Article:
If you have taken a look in the news this week, you’ll notice record temperatures around the world. This is the first in a series of blogs that we will be writing to offer ideas on how your organization can leverage the power of BIM in order to play a part in reducing the impact we as humans have on our environment.
When we talk about climate change in our daily lives, we usually talk about pollution sources such as the cars we drive, or from burning fossil fuels to power our homes and businesses. As construction professionals however, we often forget that our industry is also a contributor. Estimates suggest that, the construction sector contributes to 23% of air pollution, 40% of drinking water pollution, and 50% of landfill wastes. Our role as professionals related to construction and as humans who share space with others and with nature as well, is to make the most out of each of the resources we use in our projects. The question is, how can we accomplish this?
When people think of construction they imagine workers, beams, heavy equipment and, above all of those things, materials. Concrete, lime, even wood and iron might appear in their minds. However, most of the time they picture material wastes, the leftovers if you will. The real question is, where can you make a difference, and how to get started?
Collaborating to reduce waste
When we design and construct, there are many stakeholders involved. Think for a minute to an analogy: you’re planning a potluck dinner party. Several of your friends will be attending, and everyone will bring a dish. Now think about your thought process as you get ready to prepare your grandmother’s famous lasagna. You want to make sure there is enough for everyone, so you cook a bit extra. As the party arrives, your friend Jeff is going to be 10 minutes late, so everyone waits around. By the time he arrives, dishes are starting to get cold as they have sat out a bit. At the end, you realize that the food has been on the table for several hours and there are plenty of leftovers, but they probably have stayed out too long to be safe to save and reheat. Was there a better way to plan? Sure, but the stakes are not terribly high, it’s just a bit of food waste right?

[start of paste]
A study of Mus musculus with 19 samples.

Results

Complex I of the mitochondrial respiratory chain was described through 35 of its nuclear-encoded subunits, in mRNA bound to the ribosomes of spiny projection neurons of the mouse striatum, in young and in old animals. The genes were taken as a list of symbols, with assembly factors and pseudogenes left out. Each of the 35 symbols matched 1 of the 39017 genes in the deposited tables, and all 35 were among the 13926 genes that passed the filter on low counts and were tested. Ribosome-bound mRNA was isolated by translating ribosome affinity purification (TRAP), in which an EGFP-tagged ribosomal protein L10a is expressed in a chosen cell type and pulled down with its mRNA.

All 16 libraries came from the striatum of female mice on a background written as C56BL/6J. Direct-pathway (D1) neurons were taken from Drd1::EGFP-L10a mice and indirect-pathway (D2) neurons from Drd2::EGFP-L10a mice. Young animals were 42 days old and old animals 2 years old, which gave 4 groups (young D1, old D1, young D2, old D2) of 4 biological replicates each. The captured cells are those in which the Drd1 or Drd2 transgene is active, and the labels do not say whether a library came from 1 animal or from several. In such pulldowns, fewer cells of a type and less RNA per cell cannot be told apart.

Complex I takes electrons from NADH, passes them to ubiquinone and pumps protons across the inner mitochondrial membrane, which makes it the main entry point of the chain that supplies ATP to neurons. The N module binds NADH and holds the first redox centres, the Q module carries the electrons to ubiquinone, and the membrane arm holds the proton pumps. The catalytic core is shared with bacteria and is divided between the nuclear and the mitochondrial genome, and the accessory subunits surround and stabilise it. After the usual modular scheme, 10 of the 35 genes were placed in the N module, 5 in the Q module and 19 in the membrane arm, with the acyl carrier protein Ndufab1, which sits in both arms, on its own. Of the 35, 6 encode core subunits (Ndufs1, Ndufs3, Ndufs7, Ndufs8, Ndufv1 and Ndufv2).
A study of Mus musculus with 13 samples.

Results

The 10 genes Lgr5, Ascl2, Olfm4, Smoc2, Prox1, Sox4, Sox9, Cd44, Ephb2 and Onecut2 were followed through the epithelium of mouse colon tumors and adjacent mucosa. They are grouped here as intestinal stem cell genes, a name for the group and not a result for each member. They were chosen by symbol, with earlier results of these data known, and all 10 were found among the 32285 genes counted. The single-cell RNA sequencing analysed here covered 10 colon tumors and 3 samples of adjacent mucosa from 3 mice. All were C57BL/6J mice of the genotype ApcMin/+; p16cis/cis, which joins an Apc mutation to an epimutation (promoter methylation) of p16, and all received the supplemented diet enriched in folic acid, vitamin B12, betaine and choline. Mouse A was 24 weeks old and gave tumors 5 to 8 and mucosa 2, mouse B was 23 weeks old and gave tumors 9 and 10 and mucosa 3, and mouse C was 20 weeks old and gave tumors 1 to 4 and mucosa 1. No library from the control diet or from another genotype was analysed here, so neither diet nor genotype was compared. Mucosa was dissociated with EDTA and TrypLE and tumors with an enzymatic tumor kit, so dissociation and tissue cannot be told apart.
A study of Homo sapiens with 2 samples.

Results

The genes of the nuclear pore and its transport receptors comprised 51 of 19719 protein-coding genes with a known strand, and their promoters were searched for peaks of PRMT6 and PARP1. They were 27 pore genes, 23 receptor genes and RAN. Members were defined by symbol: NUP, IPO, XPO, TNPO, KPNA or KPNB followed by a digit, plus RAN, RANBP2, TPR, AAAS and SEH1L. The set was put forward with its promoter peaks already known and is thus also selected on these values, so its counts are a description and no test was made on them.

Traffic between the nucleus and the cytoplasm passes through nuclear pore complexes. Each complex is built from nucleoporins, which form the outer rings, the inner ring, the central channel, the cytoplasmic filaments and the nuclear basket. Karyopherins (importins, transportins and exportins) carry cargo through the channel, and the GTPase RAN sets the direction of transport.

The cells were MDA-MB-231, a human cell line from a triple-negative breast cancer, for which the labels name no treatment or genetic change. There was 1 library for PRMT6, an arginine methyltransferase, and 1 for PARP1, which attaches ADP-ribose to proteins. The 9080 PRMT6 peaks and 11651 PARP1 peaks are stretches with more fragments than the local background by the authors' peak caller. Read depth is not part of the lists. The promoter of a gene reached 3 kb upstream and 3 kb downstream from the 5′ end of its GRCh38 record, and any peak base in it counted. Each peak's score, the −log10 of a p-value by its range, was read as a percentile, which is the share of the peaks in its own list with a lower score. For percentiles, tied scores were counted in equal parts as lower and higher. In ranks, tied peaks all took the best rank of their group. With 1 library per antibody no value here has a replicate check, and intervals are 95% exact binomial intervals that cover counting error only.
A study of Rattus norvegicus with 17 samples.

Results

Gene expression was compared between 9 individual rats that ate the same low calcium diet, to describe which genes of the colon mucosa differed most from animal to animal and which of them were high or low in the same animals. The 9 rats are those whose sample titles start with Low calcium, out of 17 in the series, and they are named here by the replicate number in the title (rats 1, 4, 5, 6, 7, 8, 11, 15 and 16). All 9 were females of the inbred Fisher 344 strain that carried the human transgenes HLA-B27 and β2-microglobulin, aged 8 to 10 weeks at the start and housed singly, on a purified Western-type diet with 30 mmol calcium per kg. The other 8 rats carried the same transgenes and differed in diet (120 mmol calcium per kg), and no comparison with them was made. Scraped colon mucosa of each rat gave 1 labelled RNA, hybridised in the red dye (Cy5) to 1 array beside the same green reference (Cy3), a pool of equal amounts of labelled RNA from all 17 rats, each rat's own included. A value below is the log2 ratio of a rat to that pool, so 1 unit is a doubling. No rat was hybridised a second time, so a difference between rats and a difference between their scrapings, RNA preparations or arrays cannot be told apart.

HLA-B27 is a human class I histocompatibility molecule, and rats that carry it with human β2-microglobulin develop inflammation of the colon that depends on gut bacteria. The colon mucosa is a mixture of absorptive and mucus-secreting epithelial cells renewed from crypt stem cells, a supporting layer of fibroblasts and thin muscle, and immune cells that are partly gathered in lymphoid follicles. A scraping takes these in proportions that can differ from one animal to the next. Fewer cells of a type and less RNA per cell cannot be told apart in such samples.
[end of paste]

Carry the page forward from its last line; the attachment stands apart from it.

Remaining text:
Construction is similar in nature, but the stakes are much higher than wasting a bit of food. Traditionally, we have all counted on the fact that we should buy a bit extra so we don’t run out of materials on site. We schedule things in advance so that we aren’t bottlenecked by one party of another. Here is where the opportunity for optimization lies.
BIM has a collaborative nature, which implies that even though a specific team will be in charge of designing and modeling, every person involved in the construction (engineers, investors, and every stakeholder) can access each version of the models designed for the project. This allows the various parties involved to precisely schedule and forecast what is needed, when, and where. Why are you cooking for a party of 10 when you realistically know that you will be feeding a party of 8?
So, how do I get started?
It sounds simple. Knowing which parts of the construction plan should be improved and how to do so is your first step. When the amount of material used is precisely measured and every detail is corrected, building becomes just materializing an idea that is extremely polished. The fact that BIM allows people to make changes in real-time speeds up the process and not only saves time in the planning and designing stages, but also in the constructing ones.
If you need help with sequencing or automating your material take-offs, reach out. We have plenty of ideas to share. Next week we will discuss in-depth how you can leverage the power of tools such as Revit to optimize your quantity take-off process. Subscribe now to receive updates in your inbox.